A top Irish diplomat pledged today to explore ways in which Ireland could hand over three IRA-linked men convicted of supporting terrorism in Colombia, despite the lack of an extradition treaty.
“Ireland will meet its obligations under international law,” said Art Agnew, Irish ambassador to Mexico, who is also responsible for Colombia, after discussing the situation with Colombian vice president Francisco Santos in Bogota.
Agnew acknowledged that the lack of a treaty between the two countries “presents a problem”, but nevertheless insisted “there could be other mechanisms” that would permit the three men’s extradition.
He said that the two sides were looking into all the possibilities and that ultimately a ruling on extradition would be left up to Irish courts.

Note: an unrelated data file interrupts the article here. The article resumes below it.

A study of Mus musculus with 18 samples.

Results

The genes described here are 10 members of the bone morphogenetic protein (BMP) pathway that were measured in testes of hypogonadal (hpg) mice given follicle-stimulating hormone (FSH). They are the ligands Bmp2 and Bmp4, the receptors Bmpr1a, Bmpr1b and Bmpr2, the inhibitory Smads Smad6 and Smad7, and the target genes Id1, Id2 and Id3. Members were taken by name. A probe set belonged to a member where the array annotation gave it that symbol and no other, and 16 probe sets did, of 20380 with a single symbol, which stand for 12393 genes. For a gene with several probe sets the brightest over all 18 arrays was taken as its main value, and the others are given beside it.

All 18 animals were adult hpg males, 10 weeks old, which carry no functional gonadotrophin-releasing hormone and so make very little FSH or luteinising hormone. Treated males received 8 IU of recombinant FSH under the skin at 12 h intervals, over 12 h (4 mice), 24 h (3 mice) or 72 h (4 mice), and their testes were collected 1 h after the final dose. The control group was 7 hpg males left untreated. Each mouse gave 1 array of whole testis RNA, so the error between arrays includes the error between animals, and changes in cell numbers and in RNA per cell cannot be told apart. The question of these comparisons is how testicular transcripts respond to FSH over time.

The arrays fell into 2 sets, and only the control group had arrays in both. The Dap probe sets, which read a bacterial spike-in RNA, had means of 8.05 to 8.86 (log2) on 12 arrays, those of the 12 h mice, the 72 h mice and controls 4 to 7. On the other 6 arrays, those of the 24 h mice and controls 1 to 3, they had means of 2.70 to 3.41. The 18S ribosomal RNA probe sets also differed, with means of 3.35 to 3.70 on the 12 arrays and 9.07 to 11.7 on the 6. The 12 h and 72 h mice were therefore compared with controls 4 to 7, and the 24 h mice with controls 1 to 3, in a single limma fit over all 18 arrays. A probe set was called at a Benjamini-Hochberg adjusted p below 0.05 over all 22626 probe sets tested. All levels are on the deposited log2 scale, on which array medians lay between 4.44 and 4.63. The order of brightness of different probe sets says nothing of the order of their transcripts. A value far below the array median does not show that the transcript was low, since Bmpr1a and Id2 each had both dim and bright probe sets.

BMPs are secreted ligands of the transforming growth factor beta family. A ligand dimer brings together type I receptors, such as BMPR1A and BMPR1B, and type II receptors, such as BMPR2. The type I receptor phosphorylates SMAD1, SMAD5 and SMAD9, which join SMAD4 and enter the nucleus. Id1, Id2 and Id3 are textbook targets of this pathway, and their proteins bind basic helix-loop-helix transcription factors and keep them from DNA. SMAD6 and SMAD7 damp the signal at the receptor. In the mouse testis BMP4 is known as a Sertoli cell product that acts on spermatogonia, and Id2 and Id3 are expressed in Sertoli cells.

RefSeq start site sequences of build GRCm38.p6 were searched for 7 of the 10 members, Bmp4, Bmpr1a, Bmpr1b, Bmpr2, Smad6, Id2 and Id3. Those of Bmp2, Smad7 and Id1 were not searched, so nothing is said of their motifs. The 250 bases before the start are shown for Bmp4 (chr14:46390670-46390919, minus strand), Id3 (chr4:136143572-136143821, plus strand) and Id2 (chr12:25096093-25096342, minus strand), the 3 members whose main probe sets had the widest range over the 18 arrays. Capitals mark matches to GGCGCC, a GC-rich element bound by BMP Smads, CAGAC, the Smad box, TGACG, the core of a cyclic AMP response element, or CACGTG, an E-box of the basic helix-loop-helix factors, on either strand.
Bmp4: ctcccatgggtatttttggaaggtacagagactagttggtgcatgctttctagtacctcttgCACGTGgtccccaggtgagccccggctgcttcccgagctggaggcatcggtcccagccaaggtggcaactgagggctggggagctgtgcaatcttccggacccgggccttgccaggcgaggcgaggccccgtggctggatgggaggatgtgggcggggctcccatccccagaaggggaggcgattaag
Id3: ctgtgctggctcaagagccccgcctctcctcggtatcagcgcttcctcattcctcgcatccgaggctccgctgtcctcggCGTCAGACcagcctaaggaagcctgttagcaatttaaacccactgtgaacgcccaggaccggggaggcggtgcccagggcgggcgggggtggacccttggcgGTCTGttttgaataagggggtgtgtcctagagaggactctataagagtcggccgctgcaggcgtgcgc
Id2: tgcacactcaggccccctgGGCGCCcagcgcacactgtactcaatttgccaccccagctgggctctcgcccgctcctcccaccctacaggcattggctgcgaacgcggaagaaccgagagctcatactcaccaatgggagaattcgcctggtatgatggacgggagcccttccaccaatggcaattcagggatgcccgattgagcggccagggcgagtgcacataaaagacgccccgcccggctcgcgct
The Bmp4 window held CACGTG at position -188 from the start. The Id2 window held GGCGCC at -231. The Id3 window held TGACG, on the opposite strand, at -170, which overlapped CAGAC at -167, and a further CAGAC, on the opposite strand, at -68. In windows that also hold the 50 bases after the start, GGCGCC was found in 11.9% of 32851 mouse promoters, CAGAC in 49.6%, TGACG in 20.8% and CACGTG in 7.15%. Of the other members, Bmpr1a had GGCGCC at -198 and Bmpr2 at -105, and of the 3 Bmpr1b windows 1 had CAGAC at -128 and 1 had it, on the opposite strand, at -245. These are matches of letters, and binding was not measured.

Niall Connolly, Martin McCauley and Jim Monaghan were convicted of training left-wing rebels in terrorist tactics and sentenced to 17 years behind bars. But the trio disappeared eight months ago before resurfacing in Ireland last week.
Santos said today's meeting - the first direct encounter between the two governments since the trio resurfaced - was very friendly and he was confident a solution to the “problematic” issue would be reached.
“What we’ve found from the Irish Government is its complete willingness to work with us to find a way out of this, and that’s what one hopes for,” the Colombian vice president said.
Earlier this week, Santos said that if Ireland did not extradite the three men, it should at least force them to serve their sentences in an Irish prison.
Santos and Agnew would not indicate whether this possibility was discussed during their half-hour meeting.
The trio’s return to Ireland was revealed when Monaghan gave an interview to RTE on August 5. In the interview, Monaghan said many people in many countries had helped them travel from Colombia back to Ireland.